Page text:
The easiest things for new gardeners to grow are containers (Google / Green Answers)

Read at : Google Alert – container gardening

Pink Thumbs: Container Gardening

By John Kurpierz

Now that we have some basic tools and some experience with the absolute minimum in necessary materials (covered here and here, for new readers), we can upgrade a bit. The easiest things for new gardeners to grow are containers.

Containers offer several advantages to gardeners. For starters, they don’t require a patch of land. Containers may be the only way to garden if you live in an apartment and have only a fire escape or balcony to grow things on. Even if you do have ground to plant things in, depending on the climate and soil quality you might be better off growing potted plants rather than struggling with uncooperative clay alkaline soil. Similarly, if a particular plant is picky about soil and needs a type that none of your other plants do, it’s much easier to satisfy it by putting it in a pot or raised bed by itself than trying to amend the soil. For example, anywhere there’s limestone soil, acidic potting soil is the only way to get blue hydrangeas, happy azaleas, or productive blueberry bushes. Alternately, certain aggressive plants, such as mint, can be planted in pots to ensure they don’t spread to become tyrants of your garden. If you bury the pot in the garden bed you can even have the look of it being part of the arrangement with the safety of keeping it in its own cell. You can even plant it, uproot it to a new spot come winter, and replant in the spring, because pots are portable.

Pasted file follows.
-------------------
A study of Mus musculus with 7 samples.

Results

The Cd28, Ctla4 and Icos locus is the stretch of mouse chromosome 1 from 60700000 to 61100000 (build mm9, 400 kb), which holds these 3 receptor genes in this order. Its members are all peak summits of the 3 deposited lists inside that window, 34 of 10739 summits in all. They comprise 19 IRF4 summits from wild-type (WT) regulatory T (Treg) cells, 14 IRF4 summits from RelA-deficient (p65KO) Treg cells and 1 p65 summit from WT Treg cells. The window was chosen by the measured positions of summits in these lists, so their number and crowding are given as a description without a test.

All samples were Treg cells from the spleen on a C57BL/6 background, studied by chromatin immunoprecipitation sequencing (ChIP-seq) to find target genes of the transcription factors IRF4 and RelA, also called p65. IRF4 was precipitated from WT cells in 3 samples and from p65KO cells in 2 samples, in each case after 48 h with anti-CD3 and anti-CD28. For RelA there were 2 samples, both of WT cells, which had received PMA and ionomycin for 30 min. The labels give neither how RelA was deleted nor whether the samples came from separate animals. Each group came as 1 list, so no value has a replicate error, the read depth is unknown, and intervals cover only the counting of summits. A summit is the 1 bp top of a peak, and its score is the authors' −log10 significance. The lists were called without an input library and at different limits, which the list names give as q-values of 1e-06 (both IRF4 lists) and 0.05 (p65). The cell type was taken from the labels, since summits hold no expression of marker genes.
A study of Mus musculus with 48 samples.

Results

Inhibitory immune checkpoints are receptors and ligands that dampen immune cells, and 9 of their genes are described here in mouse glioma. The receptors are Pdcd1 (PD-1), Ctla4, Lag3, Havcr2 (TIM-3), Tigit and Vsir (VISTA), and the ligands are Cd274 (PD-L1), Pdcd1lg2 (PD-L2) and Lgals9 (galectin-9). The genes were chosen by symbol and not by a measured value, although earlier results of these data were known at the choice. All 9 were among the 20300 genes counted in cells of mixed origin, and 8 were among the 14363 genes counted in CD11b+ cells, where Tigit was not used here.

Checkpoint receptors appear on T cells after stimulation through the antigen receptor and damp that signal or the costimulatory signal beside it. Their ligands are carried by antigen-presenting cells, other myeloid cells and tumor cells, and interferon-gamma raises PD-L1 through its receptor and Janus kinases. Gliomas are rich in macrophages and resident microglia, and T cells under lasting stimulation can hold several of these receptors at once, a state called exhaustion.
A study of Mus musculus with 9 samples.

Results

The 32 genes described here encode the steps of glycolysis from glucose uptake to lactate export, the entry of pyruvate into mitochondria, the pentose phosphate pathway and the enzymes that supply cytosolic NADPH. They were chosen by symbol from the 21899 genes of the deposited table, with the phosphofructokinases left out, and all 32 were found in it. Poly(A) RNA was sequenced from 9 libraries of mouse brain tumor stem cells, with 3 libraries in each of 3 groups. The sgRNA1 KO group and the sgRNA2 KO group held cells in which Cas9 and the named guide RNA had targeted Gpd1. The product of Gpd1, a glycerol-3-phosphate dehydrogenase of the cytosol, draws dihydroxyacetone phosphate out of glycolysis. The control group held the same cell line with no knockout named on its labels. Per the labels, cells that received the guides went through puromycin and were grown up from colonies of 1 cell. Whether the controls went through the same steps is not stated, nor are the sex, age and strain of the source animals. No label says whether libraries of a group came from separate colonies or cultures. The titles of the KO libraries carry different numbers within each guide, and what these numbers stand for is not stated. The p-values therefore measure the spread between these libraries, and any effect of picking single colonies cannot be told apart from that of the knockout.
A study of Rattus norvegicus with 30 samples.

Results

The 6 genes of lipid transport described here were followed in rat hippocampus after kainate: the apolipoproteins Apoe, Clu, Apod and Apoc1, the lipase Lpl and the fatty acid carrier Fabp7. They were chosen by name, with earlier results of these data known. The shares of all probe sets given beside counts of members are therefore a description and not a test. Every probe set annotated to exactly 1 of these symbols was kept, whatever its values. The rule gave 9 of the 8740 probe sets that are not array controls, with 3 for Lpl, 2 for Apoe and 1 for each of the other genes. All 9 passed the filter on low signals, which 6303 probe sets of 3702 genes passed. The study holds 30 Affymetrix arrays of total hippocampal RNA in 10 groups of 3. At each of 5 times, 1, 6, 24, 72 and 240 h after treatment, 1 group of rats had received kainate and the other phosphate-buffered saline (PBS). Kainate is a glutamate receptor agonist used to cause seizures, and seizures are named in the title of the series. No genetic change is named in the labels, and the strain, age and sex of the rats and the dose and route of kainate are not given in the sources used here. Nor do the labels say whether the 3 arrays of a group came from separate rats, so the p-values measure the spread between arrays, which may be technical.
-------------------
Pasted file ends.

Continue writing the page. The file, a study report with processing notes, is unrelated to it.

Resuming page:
This sort of mobility from pots is useful because it lets you cherrypick climates for your plants: you can grow dwarf citrus further north than normal by using a pot and bringing it in during nights where it gets too cool. Beyond this, container gardens tend to be lower-maintenance, with fewer weeds, and smaller plants that require less pruning and deadheading. All this adds up to a gentle, easy-to-fix gardening experience that is a great introduction on how to do things before you scale up to a community garden plot or a full backyard veggie garden.

Obviously there are some drawbacks to container gardening, or else it’d be the only gardening anyone did. The most basic reason is frugality: if you can grow the plants you want in the dirt your house sits on, why would you drive (or hopefully bike) to the store to purchase separate dirt and a container to hold the dirt and plant?


Willem Van Cotthem

Honorary Professor of Botany, University of Ghent (Belgium). Scientific Consultant for Desertification and Sustainable Development.